Unlearning Implicit Bias
“Unlearning Implicit Bias” explores the concept of bias, particularly in the context of race. It delves into how biases, often stemming from historical racism, impact BIPOC individuals and communities. The zine not only helps the readers to identify these biases but also provides insights on unlearning and dismantling them. With a focus on understanding the roots of race-related biases, the zine offers a practical guide for youth to cultivate awareness and foster positive change in their attitudes and interactions. This is part of the collaborative 4-part zine series, #IYKYK. Download the PDF to see additional resources.
- Chattel slavery
- Implicit bias
Why Learn About It?
Everyone has implicit biases and rather than using this as an excuse to defer responsibility to unpack those biases, this means that we all have a collective responsibility to dismantle our respective biases. Deep and consistent self-reflection is a crucial step in dismantling oppression and advancing racial equity. The hope is that this zine empowers youth to reflect on how they can actively interrupt and dismantle biases encountered in their daily lives. By addressing the complexities of dismantling biases and fostering resilience, it aims to instill a sense of agency in the readers, encouraging them to become active participants in the ongoing journey toward a more inclusive and just society.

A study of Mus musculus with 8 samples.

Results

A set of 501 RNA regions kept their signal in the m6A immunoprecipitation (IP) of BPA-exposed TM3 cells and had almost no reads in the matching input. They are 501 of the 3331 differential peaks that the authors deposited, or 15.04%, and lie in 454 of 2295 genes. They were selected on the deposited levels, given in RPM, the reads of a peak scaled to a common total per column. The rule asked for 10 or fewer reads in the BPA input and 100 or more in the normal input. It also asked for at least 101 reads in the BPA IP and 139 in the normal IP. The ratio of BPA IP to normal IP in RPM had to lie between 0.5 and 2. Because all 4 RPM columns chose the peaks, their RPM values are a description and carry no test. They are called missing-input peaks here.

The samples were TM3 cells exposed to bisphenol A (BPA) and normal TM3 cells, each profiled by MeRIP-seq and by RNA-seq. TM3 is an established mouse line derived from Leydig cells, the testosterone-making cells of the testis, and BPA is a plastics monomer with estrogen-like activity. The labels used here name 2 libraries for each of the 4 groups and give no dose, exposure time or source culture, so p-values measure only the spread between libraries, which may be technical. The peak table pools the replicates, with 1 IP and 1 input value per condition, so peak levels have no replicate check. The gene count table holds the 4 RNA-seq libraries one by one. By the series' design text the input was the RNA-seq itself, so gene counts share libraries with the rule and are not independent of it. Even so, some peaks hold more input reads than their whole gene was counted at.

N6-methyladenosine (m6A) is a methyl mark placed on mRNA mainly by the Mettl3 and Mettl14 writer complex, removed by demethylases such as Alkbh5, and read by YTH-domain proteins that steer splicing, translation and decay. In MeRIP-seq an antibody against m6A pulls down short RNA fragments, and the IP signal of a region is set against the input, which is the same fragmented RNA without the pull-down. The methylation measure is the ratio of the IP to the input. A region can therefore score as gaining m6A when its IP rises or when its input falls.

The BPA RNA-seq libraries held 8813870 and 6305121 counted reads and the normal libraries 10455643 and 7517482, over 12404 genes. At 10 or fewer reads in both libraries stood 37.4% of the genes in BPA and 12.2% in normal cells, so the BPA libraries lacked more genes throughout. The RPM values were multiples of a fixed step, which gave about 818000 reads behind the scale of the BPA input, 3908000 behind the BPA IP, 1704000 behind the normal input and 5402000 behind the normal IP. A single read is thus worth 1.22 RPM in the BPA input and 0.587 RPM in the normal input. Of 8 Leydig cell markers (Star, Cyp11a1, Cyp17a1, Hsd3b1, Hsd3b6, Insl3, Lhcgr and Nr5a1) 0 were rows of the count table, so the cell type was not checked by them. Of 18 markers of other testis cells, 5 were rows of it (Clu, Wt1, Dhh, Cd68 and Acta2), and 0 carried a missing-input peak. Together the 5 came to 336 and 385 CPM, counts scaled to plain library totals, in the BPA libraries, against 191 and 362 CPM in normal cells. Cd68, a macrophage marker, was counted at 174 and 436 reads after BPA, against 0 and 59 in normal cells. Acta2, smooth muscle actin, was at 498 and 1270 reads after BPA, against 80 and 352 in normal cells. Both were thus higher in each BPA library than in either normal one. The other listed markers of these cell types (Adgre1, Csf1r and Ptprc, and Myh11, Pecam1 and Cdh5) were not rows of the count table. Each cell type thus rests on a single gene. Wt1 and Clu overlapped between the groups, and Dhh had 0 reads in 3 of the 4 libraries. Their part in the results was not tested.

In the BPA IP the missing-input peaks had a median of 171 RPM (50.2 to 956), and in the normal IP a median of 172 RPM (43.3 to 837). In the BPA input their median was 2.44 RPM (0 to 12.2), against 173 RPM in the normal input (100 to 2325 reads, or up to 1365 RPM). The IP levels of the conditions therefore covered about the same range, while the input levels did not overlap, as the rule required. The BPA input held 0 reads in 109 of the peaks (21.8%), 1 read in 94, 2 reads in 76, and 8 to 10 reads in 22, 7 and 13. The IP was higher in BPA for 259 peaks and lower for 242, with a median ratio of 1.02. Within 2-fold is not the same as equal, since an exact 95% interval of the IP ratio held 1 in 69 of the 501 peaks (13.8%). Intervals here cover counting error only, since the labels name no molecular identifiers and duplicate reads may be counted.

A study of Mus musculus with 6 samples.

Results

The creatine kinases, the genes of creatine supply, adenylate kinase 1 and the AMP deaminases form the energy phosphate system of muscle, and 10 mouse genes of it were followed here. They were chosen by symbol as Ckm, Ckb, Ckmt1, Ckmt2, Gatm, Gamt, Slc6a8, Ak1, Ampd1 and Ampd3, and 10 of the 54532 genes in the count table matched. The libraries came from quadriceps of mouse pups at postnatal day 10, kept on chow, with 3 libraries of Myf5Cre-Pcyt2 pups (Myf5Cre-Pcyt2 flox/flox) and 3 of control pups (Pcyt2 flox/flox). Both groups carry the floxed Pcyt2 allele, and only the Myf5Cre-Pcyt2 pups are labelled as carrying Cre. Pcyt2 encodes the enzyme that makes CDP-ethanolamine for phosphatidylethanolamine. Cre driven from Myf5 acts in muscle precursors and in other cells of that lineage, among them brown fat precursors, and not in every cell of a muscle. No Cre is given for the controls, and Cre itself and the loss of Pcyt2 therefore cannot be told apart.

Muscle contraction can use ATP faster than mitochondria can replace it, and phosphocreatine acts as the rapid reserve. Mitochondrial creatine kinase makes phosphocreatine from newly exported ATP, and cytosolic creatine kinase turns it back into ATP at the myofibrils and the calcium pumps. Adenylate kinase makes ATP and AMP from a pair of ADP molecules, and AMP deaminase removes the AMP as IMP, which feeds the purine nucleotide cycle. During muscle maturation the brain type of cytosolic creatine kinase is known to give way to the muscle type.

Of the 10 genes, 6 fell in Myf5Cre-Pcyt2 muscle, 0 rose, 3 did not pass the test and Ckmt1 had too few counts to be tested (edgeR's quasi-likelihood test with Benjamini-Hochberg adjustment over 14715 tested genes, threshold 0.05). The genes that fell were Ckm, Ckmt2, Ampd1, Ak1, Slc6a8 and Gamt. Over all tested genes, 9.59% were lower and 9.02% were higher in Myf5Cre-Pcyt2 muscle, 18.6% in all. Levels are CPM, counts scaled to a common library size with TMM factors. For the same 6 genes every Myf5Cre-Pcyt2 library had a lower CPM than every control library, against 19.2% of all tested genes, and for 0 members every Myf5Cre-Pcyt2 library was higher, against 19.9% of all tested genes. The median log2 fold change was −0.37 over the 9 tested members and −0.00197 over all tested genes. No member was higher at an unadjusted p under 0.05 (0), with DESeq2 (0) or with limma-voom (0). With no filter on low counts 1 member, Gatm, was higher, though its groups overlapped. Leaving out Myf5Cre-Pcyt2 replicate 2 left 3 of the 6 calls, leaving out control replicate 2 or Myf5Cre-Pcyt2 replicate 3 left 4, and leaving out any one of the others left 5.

Before Reading Questions
- Go over the definition of implicit bias and have students journal on the prompts below. Share with them that they won’t have to share their reflections with anyone else.
a. Write about a time when you were biased against another person. What happened? What was the impact of that bias?
b. Write about a time when someone else was biased towards you. What was the impact of that bias on you? How did you feel?
- Ask students what some of the feelings were when someone was biased towards them. Use this as a segue of the importance for everyone to unpack their implicit biases.
After Reading Questions
- Have students complete Harvard’s Implicit Association test, consider completing the follow-up activities from Baylor University.
- Have students individually reflect on any biases or stereotypes that they‘ve heard from their families.
a. Have them consider and/or research– where does that bias stem from?
b. Where can we see this being reflected in society? Our own communities? Our families?
c. How do we continue to perpetuate them in our own lives?
d. Brainstorm on what they can do to disrupt their respective family’s implicit biases
- Optional Activity: Have students choose a trusted adult to speak more about the topic of implicit bias. What topics comes up? What is something new you learned? What is something you still want to know more about?
Healing Equity United consults on creating antiracist and anti-oppressive organizational cultures, facilitates interactive workshops and trainings, and conducts diversity, equity, and inclusion audits. Learn more about their work at www.healingequityunited.com.